This is a mushroom that when reaches maturation, it can be spotted easily due to its vase-shape. The delicious lactarius is also referred to as the saffron milkcap and is one of the best known members of the large milkcap genus Lactarius in the order Russulales. It is found in many locations throughout Canada, the U.S. and in Europe. It is a favorite go-to mushroom in Spain and in Siberia. It also grows in Australia, Chile and Argentina.
Lactarius deliciosus mushrooms are orange and they bruise green. Sometimes there are hints of yellow on these as well. The caps are 6 to 15 cm across; convex becoming centrally depressed and vase-shaped. They have a somewhat granular surface that becomes sticky when wet. The flesh is primarily orange, when cut it yields an orange latex that soon turns green. Young caps have in-rolled margins and are pinkish-orange.
On average, the stipe (stem) grow up to 7cm (about 3”) tall and can be up to 2cm (1/2”) wide. It is equal to sometimes tapered at the base, orange, dry, occasionally with flattened pits, bruising and staining green with age. They are the same color as the cap or a bit paler. There is no veil.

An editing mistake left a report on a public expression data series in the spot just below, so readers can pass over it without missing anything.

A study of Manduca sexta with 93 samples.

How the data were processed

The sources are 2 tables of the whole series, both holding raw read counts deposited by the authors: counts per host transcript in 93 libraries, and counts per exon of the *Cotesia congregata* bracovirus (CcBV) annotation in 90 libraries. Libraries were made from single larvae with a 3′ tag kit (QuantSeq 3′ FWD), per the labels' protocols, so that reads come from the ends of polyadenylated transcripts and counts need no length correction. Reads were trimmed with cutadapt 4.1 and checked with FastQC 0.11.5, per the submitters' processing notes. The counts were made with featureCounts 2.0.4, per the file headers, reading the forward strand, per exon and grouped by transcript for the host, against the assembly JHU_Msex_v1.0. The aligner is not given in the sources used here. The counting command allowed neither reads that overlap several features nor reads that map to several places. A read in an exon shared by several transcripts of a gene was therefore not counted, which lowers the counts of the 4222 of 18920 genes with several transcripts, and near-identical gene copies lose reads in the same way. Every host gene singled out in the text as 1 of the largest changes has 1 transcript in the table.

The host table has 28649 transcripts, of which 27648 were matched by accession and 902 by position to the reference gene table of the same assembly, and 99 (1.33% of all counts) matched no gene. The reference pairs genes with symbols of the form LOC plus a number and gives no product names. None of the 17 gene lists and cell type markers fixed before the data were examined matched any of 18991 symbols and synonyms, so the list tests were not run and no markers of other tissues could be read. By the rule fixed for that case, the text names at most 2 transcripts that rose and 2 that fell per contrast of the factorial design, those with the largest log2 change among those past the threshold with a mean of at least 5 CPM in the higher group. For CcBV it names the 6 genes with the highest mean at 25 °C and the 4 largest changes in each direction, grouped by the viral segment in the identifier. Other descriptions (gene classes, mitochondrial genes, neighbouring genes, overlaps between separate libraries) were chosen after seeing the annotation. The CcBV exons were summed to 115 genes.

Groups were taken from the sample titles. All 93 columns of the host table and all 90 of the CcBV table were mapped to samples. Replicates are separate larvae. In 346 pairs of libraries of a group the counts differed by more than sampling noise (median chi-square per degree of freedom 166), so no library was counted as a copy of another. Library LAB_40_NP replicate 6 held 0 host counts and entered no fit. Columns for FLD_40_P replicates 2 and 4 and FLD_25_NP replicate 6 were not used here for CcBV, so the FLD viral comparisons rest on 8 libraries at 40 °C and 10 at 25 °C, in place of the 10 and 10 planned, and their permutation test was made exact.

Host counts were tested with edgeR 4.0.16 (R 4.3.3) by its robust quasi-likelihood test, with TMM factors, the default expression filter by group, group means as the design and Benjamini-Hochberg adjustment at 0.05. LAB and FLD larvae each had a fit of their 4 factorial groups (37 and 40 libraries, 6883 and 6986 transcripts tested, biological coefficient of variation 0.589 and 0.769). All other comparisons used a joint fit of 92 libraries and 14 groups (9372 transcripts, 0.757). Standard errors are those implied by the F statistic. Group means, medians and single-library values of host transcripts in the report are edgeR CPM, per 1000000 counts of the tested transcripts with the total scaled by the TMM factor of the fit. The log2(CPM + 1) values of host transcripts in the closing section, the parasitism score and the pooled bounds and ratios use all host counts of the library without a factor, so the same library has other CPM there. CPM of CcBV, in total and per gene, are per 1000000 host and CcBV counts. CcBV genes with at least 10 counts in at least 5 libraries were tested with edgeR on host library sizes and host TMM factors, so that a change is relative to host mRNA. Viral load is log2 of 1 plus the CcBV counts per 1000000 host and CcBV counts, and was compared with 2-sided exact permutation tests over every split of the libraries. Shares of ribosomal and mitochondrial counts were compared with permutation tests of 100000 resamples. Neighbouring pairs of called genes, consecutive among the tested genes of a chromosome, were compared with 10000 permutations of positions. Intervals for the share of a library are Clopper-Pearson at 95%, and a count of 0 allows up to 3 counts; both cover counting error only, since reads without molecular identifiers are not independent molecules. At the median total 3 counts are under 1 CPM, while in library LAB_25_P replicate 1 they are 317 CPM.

This lactarius grows from the ground in forests. They grow either individually or scattered to gregarious under conifers.
The spore print color is cream to buff.
Depending on geographical location, these fruit anywhere from late summer all the way into mid-winter.
The gills of this lactarius are shortly decurrent, crowded and bright orange, staining green when bruised. When cut, the gills release a reddish to orange latex.
Although these are edible eat a very small amount in the beginning as some people have reported getting minor stomach aches after consuming. |They are good if cooked properly. Lactarius deliciosus requires long, slow cooking to eliminate the grainy texture and slightly bitter flavor. They are also good grilled. High consumption of Lactarius deliciosus could cause the urine to discolour to orange/red.